American brands have infiltrated young Europeans’ lives. But how do these young consumers feel about that? Three stats tell the story…


  • American brands top young Europeans’ favorite brand lists, and nearly half say these brands are higher quality
  • Many say they always try to buy from American brands—and the majority already have
  • But young Europeans want brands to learn from European culture, too

In the year that we’ve been surveying Gen Z and Millennials in the U.K., France, Germany, Italy, and Spain, one thing has become clear: American culture has made its way across the pond and settled into the lives of young Europeans. Last year, we told you how the American-created holiday Halloween has become a mainstay for young Europeans, and earlier this year we found that prom has become a thing in Western Europe, too. Meanwhile, they’re watching American-made movies and TV shows, following American pop culture, and want to work for American companies. And when we asked them where they would travel if they could go anywhere in the world, they said (you guessed it) the U.S.

Beyond holidays, entertainment, and work, we’ve also found that young Europeans’ “top brands” lists are full of—and often topped by—popular American brands, from their favorite fast food restaurants to the fashion brands they say are the coolest to the brands with the highest overall YPulse+ score. Clearly, young Europeans have a high affinity for American culture and brands. But to get an even clearer sense of how they feel about American brands (and how they want American brands to interact with them) we asked 13-39-year-olds in Western Europe to tell us about their feelings towards them. Here are three stats from our WE Local / Global Citizenship survey that tell the story:

Nearly half of young Europeans say American brands are higher quality

Though the “buy local” movement is happening in Western Europe, too, young Europeans will go where the quality is—and for nearly half of these young consumers, that’s the U.S. That doesn’t mean their affinity for American brands is eclipsing their interest in local products, however. The majority (62%) of young Europeans say that European brands are higher quality than brands from other countries,” and 70% it’s trendy to buy products locally. But with the home-field advantage in mind, the fact that half of young Europeans say American brands are higher quality is still significant, and shouldn’t be ignored by brands. This sentiment is highest in the U.K. (50%) and among Millennial parents, 52% of whom say American brands are higher quality compared to 43% of non-parents.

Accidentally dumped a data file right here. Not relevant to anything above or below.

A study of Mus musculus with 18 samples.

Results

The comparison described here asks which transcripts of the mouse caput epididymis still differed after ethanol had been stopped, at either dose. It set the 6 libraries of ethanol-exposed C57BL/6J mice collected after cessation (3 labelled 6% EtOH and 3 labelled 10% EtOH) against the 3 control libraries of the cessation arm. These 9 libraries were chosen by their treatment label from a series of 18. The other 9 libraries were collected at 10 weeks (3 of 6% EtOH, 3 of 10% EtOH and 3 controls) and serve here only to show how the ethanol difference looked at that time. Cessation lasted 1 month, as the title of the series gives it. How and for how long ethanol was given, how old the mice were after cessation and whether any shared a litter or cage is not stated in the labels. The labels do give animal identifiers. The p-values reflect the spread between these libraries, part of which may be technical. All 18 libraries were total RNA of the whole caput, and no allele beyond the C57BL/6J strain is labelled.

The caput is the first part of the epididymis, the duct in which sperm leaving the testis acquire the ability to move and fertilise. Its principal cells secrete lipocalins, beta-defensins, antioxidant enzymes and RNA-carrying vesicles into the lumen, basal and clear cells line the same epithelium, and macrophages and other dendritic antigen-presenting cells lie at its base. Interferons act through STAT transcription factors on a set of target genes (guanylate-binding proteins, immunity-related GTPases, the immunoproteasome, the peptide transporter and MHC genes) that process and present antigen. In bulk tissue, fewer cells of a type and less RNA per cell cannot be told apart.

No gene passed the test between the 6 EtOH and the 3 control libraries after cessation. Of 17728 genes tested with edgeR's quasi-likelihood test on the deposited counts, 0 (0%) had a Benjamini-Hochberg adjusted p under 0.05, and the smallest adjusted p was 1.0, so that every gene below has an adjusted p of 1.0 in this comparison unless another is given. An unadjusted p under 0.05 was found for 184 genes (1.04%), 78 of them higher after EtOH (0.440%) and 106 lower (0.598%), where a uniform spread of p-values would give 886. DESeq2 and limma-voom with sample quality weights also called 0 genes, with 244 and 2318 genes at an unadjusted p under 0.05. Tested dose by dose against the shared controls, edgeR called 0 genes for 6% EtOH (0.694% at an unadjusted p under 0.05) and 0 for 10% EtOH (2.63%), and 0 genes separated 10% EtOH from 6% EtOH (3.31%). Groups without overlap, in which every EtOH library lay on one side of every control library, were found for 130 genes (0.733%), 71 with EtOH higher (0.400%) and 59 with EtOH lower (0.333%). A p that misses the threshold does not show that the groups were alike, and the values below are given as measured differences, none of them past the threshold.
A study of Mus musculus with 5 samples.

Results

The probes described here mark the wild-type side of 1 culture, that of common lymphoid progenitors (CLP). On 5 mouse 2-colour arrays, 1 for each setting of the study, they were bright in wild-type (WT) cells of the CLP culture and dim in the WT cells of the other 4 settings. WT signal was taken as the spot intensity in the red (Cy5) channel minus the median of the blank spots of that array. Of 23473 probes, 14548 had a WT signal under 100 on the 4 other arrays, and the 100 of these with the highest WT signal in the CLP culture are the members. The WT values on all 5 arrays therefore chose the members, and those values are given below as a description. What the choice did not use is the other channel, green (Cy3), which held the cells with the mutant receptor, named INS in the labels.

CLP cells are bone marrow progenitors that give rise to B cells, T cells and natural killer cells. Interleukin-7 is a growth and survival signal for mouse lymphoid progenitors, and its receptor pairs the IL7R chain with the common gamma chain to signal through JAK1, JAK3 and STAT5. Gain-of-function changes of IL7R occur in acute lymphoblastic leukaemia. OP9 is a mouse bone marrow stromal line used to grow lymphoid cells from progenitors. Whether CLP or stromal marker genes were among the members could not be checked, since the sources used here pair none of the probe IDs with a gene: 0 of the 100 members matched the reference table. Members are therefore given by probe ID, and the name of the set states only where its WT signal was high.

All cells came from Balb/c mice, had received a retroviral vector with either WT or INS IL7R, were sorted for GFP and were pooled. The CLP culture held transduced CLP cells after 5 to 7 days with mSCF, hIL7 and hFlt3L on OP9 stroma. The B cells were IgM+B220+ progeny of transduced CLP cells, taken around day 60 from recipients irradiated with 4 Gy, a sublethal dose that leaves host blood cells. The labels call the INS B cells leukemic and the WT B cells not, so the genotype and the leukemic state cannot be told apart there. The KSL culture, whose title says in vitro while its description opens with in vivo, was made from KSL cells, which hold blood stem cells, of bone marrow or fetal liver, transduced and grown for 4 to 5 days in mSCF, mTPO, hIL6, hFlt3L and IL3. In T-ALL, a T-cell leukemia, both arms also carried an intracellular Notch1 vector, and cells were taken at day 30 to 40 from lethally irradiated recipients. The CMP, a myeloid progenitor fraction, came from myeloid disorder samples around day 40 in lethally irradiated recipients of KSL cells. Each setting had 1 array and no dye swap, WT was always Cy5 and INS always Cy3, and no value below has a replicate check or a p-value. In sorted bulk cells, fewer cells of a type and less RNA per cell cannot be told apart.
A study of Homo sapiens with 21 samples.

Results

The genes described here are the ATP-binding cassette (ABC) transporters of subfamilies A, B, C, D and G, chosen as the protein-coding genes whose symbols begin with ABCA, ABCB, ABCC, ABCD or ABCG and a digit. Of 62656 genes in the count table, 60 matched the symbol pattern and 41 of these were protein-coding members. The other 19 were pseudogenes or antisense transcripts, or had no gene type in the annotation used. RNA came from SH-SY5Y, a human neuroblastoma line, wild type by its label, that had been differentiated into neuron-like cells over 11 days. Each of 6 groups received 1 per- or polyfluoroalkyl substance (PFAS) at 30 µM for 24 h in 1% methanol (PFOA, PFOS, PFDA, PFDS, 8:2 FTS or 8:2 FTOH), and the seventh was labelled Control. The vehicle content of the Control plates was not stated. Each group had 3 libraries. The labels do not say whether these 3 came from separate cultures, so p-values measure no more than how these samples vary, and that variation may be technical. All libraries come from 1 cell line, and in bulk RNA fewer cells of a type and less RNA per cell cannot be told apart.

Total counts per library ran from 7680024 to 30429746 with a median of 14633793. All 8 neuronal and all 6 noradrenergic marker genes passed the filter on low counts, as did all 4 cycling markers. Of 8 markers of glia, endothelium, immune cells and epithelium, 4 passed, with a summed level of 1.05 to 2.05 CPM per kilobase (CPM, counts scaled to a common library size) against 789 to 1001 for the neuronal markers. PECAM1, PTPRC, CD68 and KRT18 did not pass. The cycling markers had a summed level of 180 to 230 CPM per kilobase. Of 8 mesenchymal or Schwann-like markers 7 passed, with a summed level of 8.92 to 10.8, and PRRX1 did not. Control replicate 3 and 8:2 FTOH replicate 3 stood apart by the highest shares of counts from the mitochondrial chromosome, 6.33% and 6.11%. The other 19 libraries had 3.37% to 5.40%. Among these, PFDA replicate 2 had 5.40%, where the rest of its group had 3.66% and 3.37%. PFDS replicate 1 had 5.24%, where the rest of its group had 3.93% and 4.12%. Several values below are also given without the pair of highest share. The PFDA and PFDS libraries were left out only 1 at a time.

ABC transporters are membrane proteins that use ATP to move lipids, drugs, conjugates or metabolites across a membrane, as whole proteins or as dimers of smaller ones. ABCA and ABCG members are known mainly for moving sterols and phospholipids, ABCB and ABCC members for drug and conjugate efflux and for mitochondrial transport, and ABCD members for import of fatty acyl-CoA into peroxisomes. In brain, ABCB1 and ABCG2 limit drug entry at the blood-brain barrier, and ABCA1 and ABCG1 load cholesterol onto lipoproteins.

Young Europeans’ views on quality are also driving their shopping behaviors: 39% say they always try to buy American brands, if possible, which, again, is highest among U.K. consumers (44%) and parents (48%). And even if they don’t always try to buy American, many already have…

The vast majority have purchased something from an American brand

Whether they think American brands are higher quality or not, young Europeans are supporting them: just 18% of young Europeans say they’ve never purchased a product from an American brand, meaning the vast majority have an American logo somewhere in their possession. Electronics and clothing are the top types of products they say they’ve purchased from an American brand, which makes sense—Apple is their favorite tech brand, and Nike is the brand with the highest overall YScore+ among young Europeans, and one of the brands they consider the “coolest.”  Spanish consumers are the most likely to say they’ve purchased something from an American brand (91%), and clothing is their top purchase, with 49% saying they bought clothes from an American brand.

Two-thirds say American brands should learn from other cultures, too

While two in three young Europeans agree with the statement, “U.S. culture creates global culture,” that doesn’t mean that American brands can’t learn a thing or two from other cultures. In fact, in addition to saying that American brands could learn from their culture, 65% agree, “American brands could learn from companies from other countries.” In other words, American brands should take the time to learn from local culture rather than parachuting into a country with only American values in hand, and should look to local brands for inspiration. An easy way to start is to incorporate global trends in their marketing, which 68% of young Europeans agree is a good idea for brands. With young Europeans already favoring and investing in them, American brands have an opportunity to win even more of these consumers’ affinity by becoming more globally minded.

YPulse Western Europe Business users can access the full WE Local / Global Citizenship survey behavioral report and data here.

Don’t have a YPulse Western Europe Business account? Find out more here.